SEMINOLE — Paramedics who rushed to the crash knew the situation was going to be bad.
"I could tell it in the dispatcher's voice," said Rick Koda, the Seminole's district chief who was in charge Friday.
When firefighters and paramedics arrived, the scene was every bit as bad as they had feared. The Lexus was consumed by flames and four teenagers had been ejected.
"In my 22 years as a paramedic, it was definitely the worst scene I'd ever been on," Koda recalled today, his first day back on the job since the crash.
The situation worsened when the families and about 200 kids showed up. Six of them couldn't handle it and needed medic attention themselves. One was sent to the hospital with cardiac problems. Others collapsed at the scene.
"I've never seen that were someone would just completely go unresponsive due to the psychogenic shock kicking in," he said.
Three Seminole High students were killed in the crash — Nathan Richardson, Joseph Ruzecki and Keith MacCollom — along with Largo High student LeShawn Smith. Seminole High student Corey Lepore survived.
Normally, this is the time of year when thoughts begin to turn to the prom and the end of school. Instead, there was just silence.
"It's a total mood killer and it sucks," said Seminole sophomore Rob Backus, who heard the crash Friday night and went to the scene soon after it happened. "It's hard to comprehend what happened to those kids."
Seminole High plans a campus vigil at 8:30 p.m. Wednesday on the school football field. Largo High is working out details of its campus memorial, which is planned for around noon Wednesday. A celebration of Smith's life is also scheduled for 7 tonight at the Greater Ridgecrest YMCA, 1801 119th St. N, Largo.
Crisis counselors will be at the school all week to help students through their grief.
Seminole students arrived at school before dawn for the 7:05 a.m. start. There was little of the usual early-morning laughter or horseplay. Some students stopped to hug each other. Reporters were kept off campus. TV trucks gathered at 86th Avenue and 131st Street, but most students tried to avoid the cameras as they made their way to school.
Today "is going to be quiet, it's going to be sad,'' said freshman Alec Musser of Seminole.
Added sophomore Andy Schaaf: "It's going to be sad for sure and that's pretty much what everyone's going to be talking about.''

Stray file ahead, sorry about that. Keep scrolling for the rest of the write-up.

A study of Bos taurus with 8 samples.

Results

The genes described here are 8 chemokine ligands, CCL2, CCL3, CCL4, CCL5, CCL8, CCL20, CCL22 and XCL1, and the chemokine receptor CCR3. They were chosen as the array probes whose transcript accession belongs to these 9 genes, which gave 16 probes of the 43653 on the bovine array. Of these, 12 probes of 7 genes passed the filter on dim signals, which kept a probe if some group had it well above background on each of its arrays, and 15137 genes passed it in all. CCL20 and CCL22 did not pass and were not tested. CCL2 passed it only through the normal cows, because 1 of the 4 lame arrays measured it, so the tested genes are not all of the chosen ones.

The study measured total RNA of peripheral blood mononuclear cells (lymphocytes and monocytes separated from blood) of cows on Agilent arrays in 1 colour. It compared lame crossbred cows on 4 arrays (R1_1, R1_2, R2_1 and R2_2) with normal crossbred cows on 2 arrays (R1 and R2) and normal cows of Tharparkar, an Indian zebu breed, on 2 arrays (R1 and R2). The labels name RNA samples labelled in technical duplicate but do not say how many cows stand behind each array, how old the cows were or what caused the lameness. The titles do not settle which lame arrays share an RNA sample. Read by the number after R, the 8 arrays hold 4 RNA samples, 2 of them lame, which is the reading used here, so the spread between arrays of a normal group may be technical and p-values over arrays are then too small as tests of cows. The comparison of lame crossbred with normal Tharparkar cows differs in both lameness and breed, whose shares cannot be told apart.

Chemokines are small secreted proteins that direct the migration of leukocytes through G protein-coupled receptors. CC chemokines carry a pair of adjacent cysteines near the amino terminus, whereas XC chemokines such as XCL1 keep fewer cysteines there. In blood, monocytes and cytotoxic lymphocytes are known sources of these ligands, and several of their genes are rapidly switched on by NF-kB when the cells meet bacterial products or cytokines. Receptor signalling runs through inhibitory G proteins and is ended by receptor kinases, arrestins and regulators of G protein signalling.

At Largo High, students gathered in the courtyard, many sharing stories about Smith. About half of the students wore black or white shirts in memory of him.
"It sucks so freaking bad to see everyone's best friend gone," said junior Samantha Wood, 18, who had known Smith since middle school.
Wood wore a white T-shirt she made that said "RIP Le-Shawn," with his basketball jersey number 15 on it. It also had his nickname, L-Sicko, but she wasn't sure where that nickname came from.
"I know we only had one person die," Wood said. "But it made an impact on my life."
Jonathan Sheppa, a junior, was in a couple of classes with Smith. "Whether you're close friends or everyday said 'Hi,' it's still not easy knowing one of the friends in your class just died," said Sheppa, 17.
About an hour after school began, Smith's FCAT reading teacher, Sharon Feldhake, tried to comfort 20 of his classmates.
Most were sitting at their desks sobbing. Feldhake handed out tissues. A school social worker commended the boys for being strong enough to show their emotions.
"He was very special in my heart," Feldhake said.
She handed out pins she made early that morning with a picture of a basketball on them.
"LeShawn loved basketball and would do whatever he could to keep his grades where they needed to be so he could play basketball," Feldhake told her students.
The desk where Smith used to sit was empty. The gregarious young man, with a reputation for being a class clown, liked to sit alone so he could focus, she said.
"Miss, I know I work better by myself," Feldhake remembered him saying.
Feldhake placed a picture of Smith on his desk. Just before heading to the cafeteria to sign memorial posters for Smith's family, four teens huddled around Smith's desk, choking back tears.
"These kids are family," Feldhake said.